Oil giant Royal Dutch Shell has issued a pay ultimatum to its IT contractors. An internal memo sent last month advises contractors that they will face termination unless they accept a pay reduction of 12 per cent. The policy of reducing contractor rates was first introduced across the financial services sector thirteen months ago at the start of the economic downturn.
Leading recruitment agency Jenrick CPI stated that over the past three months the majority of clients are telling IT contractors to take a pay cut of between 10 and 20 per cent or leave.
Managing director, Philip Fanthom commented, “In most cases there has been a period of consultation with the contractors which had lead to some interesting and sometimes heated debates.”
He said that permanent and contract IT staff felt that they were placed in a no-win situation.
IT analyst, Richard Holway said that ultimatums were ‘widespread’ as British IT contracting staff battled against the discounts being offered by their offshore rivals. IT contractors will now worry that other companies in the energy, oil and gas sectors will follow the precedent set by Shell as this is what has happened across the financial services sector.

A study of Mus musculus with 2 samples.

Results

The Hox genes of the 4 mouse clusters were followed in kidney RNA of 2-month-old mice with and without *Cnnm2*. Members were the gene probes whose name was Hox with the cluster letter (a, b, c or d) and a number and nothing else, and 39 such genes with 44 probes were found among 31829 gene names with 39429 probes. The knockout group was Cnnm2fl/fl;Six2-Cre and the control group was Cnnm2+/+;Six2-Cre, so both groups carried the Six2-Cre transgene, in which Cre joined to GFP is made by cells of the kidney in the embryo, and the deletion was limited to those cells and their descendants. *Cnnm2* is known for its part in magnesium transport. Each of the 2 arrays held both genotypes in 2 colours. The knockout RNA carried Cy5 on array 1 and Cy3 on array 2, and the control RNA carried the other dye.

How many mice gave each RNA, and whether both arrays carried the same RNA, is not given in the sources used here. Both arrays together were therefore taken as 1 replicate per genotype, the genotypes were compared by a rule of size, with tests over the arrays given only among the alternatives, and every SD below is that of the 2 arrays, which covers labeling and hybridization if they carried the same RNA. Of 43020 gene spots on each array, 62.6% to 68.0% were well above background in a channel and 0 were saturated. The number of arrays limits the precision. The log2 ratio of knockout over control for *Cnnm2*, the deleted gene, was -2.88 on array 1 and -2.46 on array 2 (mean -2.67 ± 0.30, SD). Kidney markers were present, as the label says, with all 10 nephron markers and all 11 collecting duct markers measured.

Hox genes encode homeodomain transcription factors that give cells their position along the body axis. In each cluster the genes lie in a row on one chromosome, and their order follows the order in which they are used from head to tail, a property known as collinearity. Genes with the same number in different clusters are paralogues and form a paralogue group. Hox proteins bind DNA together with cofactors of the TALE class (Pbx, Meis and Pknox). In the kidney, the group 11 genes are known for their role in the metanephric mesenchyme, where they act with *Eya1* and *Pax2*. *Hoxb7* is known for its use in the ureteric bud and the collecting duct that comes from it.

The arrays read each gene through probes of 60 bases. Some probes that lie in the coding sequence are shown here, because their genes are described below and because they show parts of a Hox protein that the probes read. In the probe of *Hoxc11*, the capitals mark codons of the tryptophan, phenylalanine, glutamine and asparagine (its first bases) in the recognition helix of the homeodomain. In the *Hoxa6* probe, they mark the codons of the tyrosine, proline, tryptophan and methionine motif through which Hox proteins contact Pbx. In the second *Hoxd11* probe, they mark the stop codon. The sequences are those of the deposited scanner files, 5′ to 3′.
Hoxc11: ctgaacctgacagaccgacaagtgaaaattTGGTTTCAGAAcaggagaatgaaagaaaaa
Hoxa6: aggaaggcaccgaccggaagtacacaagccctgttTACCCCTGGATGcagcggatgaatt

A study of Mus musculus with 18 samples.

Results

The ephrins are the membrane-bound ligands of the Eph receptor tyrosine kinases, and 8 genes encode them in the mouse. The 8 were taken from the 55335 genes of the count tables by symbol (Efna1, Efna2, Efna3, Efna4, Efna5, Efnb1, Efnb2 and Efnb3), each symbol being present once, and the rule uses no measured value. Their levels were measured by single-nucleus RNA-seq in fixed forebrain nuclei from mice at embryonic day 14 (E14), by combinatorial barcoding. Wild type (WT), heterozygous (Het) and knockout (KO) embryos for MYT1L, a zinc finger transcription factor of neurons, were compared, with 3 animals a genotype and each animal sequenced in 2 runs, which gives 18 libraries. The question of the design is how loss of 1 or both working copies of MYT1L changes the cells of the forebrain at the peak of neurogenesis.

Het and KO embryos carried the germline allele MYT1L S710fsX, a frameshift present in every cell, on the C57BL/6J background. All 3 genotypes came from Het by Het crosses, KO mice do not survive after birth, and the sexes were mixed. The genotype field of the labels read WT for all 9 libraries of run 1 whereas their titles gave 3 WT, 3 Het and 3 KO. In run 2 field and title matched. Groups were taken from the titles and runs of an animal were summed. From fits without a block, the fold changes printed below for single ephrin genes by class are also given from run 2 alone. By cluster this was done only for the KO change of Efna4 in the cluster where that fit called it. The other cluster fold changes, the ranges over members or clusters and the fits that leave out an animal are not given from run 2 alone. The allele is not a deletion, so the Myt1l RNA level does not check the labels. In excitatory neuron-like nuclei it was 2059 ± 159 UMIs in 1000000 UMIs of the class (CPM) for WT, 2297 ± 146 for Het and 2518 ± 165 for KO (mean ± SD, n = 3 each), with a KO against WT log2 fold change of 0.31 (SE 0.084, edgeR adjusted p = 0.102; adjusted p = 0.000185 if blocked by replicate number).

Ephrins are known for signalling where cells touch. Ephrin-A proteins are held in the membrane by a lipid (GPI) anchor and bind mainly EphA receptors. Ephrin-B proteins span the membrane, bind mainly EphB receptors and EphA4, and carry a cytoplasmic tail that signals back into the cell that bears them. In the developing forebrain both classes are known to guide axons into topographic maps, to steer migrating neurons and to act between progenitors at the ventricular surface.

IT agency, SQ Computer Personnel said, “Clients with significant numbers of IT contractors are taking advantage of the downturn in the number of IT contractor vacancies. [Clients are] imposing ‘take it or leave it’ pay cuts on contractors, usually mid-term during the contract, often despite the success and recession-proof aspect of their industry sectors.”
Founder of SQ, Bernie Potton said, “Agencies obviously pass this pay cut on to the contractor, taking a 10% hit in their own profit in pound note terms, but maintaining the same percentage margin. Some contractors have got upset with this approach, claiming that the mid-term pay cut is unfair and unethical, which it is, but unfortunately it is contractually valid.”